Ted Williams, a member of baseball’s Hall of Fame and a life-time .344 hitter for 19 major league seasons, once said the hardest sports accomplishment of all was to hit a round ball squarely with a round bat.
With the use of geometry, Bill Merritt is attempting to make the art of hitting a ball easier.
Merritt, an architect and sometime softball player, has attempted to maximize the batter’s potential by designing a softball bat that, believe it or not, has three flat sides. In principle, this bat gives the batter, provided he has the correct mechanics, a much greater chance of hitting a line drive than with a standard bat.
The triangular bat, called “The Broadsider,” is currently being used in several softball leagues around the country and has received favorable comment from both the Amateur Softball Association and the National Collegiate Athletic Association.
“I had the idea three summers ago. It was the beginning of the season and I went out to play for the first time and I had one of those days that nobody likes to talk about where I hit a lot of pop flies,” Merritt re-called. “I saw other people doing the same thing. I don’t know what got me to thinking about it later, but I couldn’t get it out of my mind — making contact with the ball and the concept of sweet spot.
“I thought there was a better way to increase the sweet spot by changing the geometry of the bat. I played around with shapes and what made sense and pretty quickly I came up with a triangular shape.”
Putting his idea to work, Merritt made three bats himself on a lathe in the shop where he worked as an architect. It was an extremely difficult task.
“When you’re one individual with an idea, you don’t have the same resources a big company does,” Merritt said. “When I made the first one I didn’t even have ash. I had to make it out of poplar, which you can’t play with. I got some ash and made two bats, so I was very careful. It took about 20 hours to do it.”
Satisfied that his bat worked, he then began the arduous task of getting the bat accepted. His first contact in organized softball was Donna Terry, head coach of the women’s softball team at the University of California. Terry, one of the top players and coaches in the country, took an immediate liking to the bat and had her team try it out in practice.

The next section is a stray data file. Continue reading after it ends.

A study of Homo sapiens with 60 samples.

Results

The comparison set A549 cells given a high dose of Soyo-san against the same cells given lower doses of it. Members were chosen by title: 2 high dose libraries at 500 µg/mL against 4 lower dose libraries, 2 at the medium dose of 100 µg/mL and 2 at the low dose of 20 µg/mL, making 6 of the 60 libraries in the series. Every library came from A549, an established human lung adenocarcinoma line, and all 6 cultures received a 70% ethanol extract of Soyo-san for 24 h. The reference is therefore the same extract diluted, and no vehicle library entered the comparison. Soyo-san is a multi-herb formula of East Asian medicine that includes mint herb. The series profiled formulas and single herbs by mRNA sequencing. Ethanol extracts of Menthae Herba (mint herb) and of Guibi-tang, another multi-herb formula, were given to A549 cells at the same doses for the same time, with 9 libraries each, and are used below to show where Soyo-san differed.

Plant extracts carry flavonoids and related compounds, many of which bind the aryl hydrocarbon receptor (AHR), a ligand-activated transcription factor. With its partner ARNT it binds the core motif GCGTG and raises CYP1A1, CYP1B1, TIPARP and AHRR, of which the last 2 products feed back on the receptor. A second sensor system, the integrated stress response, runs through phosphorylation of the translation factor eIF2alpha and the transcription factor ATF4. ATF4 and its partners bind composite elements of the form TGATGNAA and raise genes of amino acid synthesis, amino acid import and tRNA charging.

“She thought it was a tremendous concept and had a lot of validity,” said Merritt. “I then did a mailing to all the college teams and about 30 teams purchased the bats. The response from them was pretty favorable. I did a survey of those schools prior to the ASA convention last January. They were all in favor of seeing it approved for ASA and NCAA play.”
The ASA, softball’s governing body, has expressed an interest in the bat. It was voted down at last year’s convention but only because there were too many commissioners who had not seen the bat in play. It needed a two-thirds majority to be approved on the floor and got only 50 percent.
“It got enough support that they wanted to see the bat in play this year, so they could get some statistical feedback and get comments from umpires and players to see if there is anything detrimental to this,” said Merritt. “There have been about 50 to 60 city leagues around the country that have approved it.
“I’ve also talked to the NCAA and the coaches have recommended a rule change to allow for a three-sided bat.”
Without full ASA approval, however, Merritt’s ability to market the bat is limited because teams can’t take it into tournament play unless it is ASA sanctioned. He’s also run into another problem.